The Public Safety
Alliance will be on Capitol Hill Wednesday testifying in support of a bill (HR
that would authorize paying broadcasters to give up spectrum as a way to
free it up for auctions that would, in turn, help pay for a national
interoperable broadband network.
The hearing, "Public
Safety Communications: Are the needs of our First Responders being met?"
is in the House Homeland Security Committee, and the alliance's answer will be:
Not until you create this network, which some have been pushing for since not
long after 9/11, almost a decade ago.
Members of the Association
of Public-Safety Communications Officials, National Sheriffs' Association
and the International Association of Fire Chiefs will together
"implore" Congress to pass the bill, and do so before the Sept. 11
10-year anniversary of the attacks.
The bill would allocate
the so-called D block of spectrum to freed up in the DTV transition to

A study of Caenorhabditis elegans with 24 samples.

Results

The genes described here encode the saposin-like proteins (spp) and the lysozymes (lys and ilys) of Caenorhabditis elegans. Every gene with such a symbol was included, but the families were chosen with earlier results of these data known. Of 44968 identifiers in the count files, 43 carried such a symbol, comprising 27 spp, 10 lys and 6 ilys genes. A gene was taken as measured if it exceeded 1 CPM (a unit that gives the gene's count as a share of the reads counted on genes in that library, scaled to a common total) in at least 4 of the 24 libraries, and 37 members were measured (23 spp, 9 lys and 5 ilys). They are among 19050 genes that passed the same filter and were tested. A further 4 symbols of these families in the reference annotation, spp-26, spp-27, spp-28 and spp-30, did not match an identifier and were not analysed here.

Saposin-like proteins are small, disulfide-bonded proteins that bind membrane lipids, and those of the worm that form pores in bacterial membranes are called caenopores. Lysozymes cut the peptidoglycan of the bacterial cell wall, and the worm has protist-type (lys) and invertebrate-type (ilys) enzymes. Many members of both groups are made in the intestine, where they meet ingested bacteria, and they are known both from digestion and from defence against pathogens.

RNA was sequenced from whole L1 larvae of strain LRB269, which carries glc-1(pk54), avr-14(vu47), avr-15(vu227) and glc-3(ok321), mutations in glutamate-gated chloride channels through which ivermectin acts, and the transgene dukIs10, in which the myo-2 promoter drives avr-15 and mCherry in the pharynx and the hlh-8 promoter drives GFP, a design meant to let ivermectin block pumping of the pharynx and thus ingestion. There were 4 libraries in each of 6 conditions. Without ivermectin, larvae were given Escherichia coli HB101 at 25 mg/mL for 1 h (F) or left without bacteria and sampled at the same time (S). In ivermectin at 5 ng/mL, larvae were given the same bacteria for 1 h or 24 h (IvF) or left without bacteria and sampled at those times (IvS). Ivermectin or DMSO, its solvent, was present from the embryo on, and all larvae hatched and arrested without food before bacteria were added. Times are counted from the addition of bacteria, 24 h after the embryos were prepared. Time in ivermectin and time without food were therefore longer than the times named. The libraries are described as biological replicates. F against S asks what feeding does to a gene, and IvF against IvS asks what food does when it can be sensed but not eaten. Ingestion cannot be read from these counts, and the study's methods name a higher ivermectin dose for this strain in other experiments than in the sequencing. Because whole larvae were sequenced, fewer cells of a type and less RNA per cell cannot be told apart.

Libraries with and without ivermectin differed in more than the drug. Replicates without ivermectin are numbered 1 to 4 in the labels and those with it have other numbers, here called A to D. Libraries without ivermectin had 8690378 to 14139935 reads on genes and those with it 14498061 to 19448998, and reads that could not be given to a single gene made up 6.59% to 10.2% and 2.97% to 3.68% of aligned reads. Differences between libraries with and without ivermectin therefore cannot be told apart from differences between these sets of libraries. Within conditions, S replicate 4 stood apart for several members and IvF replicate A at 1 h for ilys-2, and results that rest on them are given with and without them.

public safety, rather than the current blueprint, in which the FCC auctions the
spectrum to a private entity that creates--and pays for--the network and lets
public safety use it on a priority basis. The FCC backed the auction route in
its National Broadband Plan, but FCC Chairman Julius Genachowski has said
he will support whatever gets the network built and funded as expeditiously as
There is a similar bill
in the Senate (S.28), re-introduced by Commerce Committee Chairman Jay
Rockefeller (D-W.Va.) ,
who pushed a similar bill in the last Congress.
In January, the FCC also
voted to establish a framework for the interoperable network, whenever Congress
allocates the money and the spectrum can be set aside for that purpose.